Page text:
There's growing opposition to a huge highway project that could impact tens of thousands in the region. FDOT wants to create the "Tampa Bay Express" or TBX, a series of tolled expressways aimed at cutting commute times. But many community groups are worried about the impact of the project.
Rick Fernandez was born and raised in Tampa Heights and moved back to the area five years ago to watch it undergo revitalization. He also watched as the area struggled during the construction of I-275 some 50 years ago.
Now, he and many others, are worried a new planned highway construction project, the Tampa Bay Express, will bring neighborhoods like Tampa Heights to their knees.
"It's a bait and switch is really the sense that I have," Fernandez said. "We've been asked to invest and help the inner core and downtown historic area come back and we've done that. And now you want to put this on top of that as a layer over, an extra burden, and frankly, I'm not sure it's a burden these communities can sustain a second time."
FDOT insists the TBX project could be a magic bullet in helping alleviate traffic jams along I-275. It would create separated driving lanes, and you'd have to pay a toll based on traffic volume to use it. Higher volumes of traffic would be a higher fee, and lower volumes, a cheaper rate.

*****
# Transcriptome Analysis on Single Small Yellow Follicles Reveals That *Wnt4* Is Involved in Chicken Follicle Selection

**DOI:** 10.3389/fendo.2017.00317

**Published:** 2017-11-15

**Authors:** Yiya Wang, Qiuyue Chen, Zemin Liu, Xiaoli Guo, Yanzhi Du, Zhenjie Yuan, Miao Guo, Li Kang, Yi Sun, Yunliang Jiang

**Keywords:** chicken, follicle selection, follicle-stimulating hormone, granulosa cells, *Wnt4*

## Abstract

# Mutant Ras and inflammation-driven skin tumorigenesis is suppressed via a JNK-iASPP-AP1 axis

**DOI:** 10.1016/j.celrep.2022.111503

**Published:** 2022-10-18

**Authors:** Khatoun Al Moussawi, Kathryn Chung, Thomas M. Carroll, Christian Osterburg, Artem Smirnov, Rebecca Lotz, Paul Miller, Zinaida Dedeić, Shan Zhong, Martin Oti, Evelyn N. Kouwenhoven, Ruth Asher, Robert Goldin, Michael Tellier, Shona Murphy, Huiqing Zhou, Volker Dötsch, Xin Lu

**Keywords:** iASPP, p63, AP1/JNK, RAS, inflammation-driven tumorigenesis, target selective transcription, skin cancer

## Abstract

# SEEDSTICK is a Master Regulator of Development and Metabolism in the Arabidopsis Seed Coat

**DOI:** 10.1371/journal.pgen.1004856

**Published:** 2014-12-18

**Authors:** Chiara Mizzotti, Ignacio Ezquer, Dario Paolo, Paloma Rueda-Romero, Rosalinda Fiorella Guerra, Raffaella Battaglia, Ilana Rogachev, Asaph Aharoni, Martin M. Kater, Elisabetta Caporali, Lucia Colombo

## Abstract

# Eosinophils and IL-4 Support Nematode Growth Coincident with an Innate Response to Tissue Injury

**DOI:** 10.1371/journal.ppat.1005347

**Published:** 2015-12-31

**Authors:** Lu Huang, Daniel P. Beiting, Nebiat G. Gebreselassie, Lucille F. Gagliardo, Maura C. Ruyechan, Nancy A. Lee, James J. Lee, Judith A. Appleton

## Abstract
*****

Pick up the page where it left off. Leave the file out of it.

The goal is to keep the traffic moving along the expressway at 45 miles an hour. FDOT says the monies generated by the tolls would be a huge asset in paying for construction of the project and maintaining the new road.
Opponents argue studies show less than 20 percent of drivers would actually pay to use the expressway, so it wouldn't help alleviate traffic jams. They also worry about the limited number of access points to the expressway.
"While some neighborhoods like the university area or Wesley Chapel would have good access, other neighborhoods like Sulphur Springs, Tampa Heights, Seminole Heights, would have no access," said Jason Ball with Sunshine Citizens.
At least 100 businesses and homes would also have to be torn down to open up room for the new expressway. Combine that with the ability for drivers to essentially bypass some neighborhoods, opponents see it as a recipe for disaster.
"This is a boondoggle that should not be pursued from the state," said Fernandez.
The "Stop TBX Coalition" is hoping to raise its voices loud enough that Hillsborough County will say no to FDOT's plans, and work on getting the state to consider mass transit instead.
The group is encouraging everyone to learn more about the project. It plans to have a large presence at Tuesday's Metropolitan Planning Organization meeting at 9 a.m., and it will host a protest march in Tampa Heights Saturday, Feb. 6.
The state has an information site set up about Tampa Bay Express at tampabayexpress.com
. FDOT is hosting a community engagement meeting this Tuesday, Feb. 2 from 5:30 to 7:30 p.m. at the Children's Board of Hillsborough County at 1002 East Palm Avenue in Tampa.
Opponents have an information site at StopTBX.com.
Funding for the TBX project has not been identified right now. It's likely construction is at least 3-5 years away.